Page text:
1. #11
    Does Yamaha consider this as its “professional” non-compensating euphonium?

    Might work for me. Will Yamaha import them to their dealers here in the US?
    Ann, there’s a discussion about the Yamaha 621 here that may address your query:
    http://www.dwerden.com/forum/showthr...e#.Y0V19i0pChA
    Does Yamaha consider this as its “professional” non-compensating euphonium?
    Might work for me. Will Yamaha import them to their dealers here in the US?
    Back in the day, I understood the 2 series was student, 3 series was step-up/collegiate, and 6 series was "professional" (although if professional = "make money with it", the 321 was absolutely a "professional" horn). I hadn't heard of the 8 series, if it existed back then, but I first heard of the 8s as the "custom" line.
    The 621's lower end and volume range are, imo & memory, better than the 321, but still lightweight, responsive, and nimble like the 321; a very nice horn.
    It's a bit of a unicorn in the US, though. I'd never encountered one before I bought it, and haven't seen another in person since, and this is only the 2nd or 3rd that I've seen floating across the used market online (albeit I don't go looking for them, either).
    If you're interested in the eBay listing, I'd recommend contacting the seller and inquiring as to whether they're inadvertently pricing it in comparison to a compensating 641/642 (imo compensation is like 4-wheel drive - great to have if you need it, but a lot to drive around when you don't. Still and all, it's 'the thing to have', so non-comp horns seem to be a relative bargain on the open market). If they'll adjust it to $1,000-$1,500, then I'd consider it an immediate "buy now".

  3. Quote Originally Posted by ann reid View Post
    Does Yamaha consider this as its “professional” non-compensating euphonium?
    When the 321 was first introduced in 1967, Yamaha labelled it as “Professional.” From the valve block out it’s a pretty close copy of a Besson New Standard. When the 641 came on the scene Yamaha figured it was more “Professional,” so the 321 was demoted to “Intermediate” in Yamaha’s sales literature. I’ve never seen the 621 in any of Yamaha’s U.S. literature. The two I have seen the the flesh came into the U.S. from Canada, where it was marketed.

  4. #14
    The YEP-621 has the same bore as the 321: .570". That makes is smaller than even the old Bessons. If it is a professional horn (as in "professional euphoniumist") it would be smaller than any other model by a good margin. I consider it an upgrade to the 321 rather than a starter 641.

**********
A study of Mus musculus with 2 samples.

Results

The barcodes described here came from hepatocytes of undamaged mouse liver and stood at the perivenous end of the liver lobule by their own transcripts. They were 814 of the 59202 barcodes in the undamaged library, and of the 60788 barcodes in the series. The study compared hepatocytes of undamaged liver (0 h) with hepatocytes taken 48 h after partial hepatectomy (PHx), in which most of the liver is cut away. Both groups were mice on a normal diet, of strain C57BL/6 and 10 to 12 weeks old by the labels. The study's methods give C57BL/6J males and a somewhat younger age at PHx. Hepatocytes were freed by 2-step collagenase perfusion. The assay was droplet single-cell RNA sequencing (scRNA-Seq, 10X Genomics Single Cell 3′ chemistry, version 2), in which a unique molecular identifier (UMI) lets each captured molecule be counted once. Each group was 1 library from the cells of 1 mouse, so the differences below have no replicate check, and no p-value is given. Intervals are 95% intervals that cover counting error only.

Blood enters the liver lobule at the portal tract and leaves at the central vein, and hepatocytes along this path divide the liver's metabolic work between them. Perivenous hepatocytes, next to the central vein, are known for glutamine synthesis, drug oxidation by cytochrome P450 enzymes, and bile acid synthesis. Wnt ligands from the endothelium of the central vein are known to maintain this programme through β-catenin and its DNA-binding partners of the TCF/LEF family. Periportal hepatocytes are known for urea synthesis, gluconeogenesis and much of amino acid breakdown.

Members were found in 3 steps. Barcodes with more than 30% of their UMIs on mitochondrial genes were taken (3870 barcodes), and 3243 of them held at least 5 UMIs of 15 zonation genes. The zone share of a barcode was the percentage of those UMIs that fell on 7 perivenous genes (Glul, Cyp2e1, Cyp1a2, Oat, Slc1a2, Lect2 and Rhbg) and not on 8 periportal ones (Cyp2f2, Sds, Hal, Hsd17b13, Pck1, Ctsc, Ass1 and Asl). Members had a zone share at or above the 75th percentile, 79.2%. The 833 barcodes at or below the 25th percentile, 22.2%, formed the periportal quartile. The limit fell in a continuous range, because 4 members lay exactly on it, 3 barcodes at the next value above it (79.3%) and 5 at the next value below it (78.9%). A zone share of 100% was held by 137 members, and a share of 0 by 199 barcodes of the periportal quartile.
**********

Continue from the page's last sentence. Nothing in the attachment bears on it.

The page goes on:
That's not to denigrate the 321/621 at all. They are very good for what they are designed for. AND if you want to define "professional" as a horn to make money with, those qualify. Jazzers and doublers often use the 321. Back in the 1970's I heard the Chicago Symphony do a piece that required euphonium, and the trombonist used a 321. Rich Matteson used a 321 for many years. And Henry Mancini's euphoniumist, trombone player Dick Nash, used a 321.
    Quote Originally Posted by iMav View Post
    ... I think even back then, the salesman was misinformed…
    Yeah, a little, but there were quite a few in use in colleges then. And at that time there weren't as many pieces that required the 4th valve register (and would therefor almost require a compensating horn...or at least where a compensating horn would make life much easier).
    Dave Werden (ASCAP)

    Never seen such to date.

    I never even heard it, even tho he was just 4' away...

    Maybe him, maybe the horn.

    Anyway, just keep an eye on those Japanese ads. Some of them are crazy good deals.

  10. #20
    Quote Originally Posted by davewerden View Post
    Yeah, a little, but there were quite a few in use in colleges then. And at that time there weren't as many pieces that required the 4th valve register (and would therefor almost require a compensating horn...or at least where a compensating horn would make life much easier).
    Whenever the topic of 321s come up I always think of an episode of the Brass Junkies podcast when Demondrae Thurman was the guest. He mentions that he played on a Yamaha 321 until his junior year in college and won two competitions playing on the 321. That is not to say that there aren't benefits in a larger bore fully compensated 4-valve instrument, but it does highlight a couple things for me. That was the mid 90s, so I find it interesting that an elite college euphonium player in the 90s wasn't necessarily playing a compensated horn. I also can't help but imagine how much better Demondrae sounded on his 321 than I will ever sound on anything!

    Joe Dollard is another jazz player who plays a Yamaha 321, and who also had a very interesting episode of the Brass Junkies.

    Sorry this is all a little bit off topic, but maybe this type of discussion on the 321/621 would be helpful for someone interested in that eBay auction.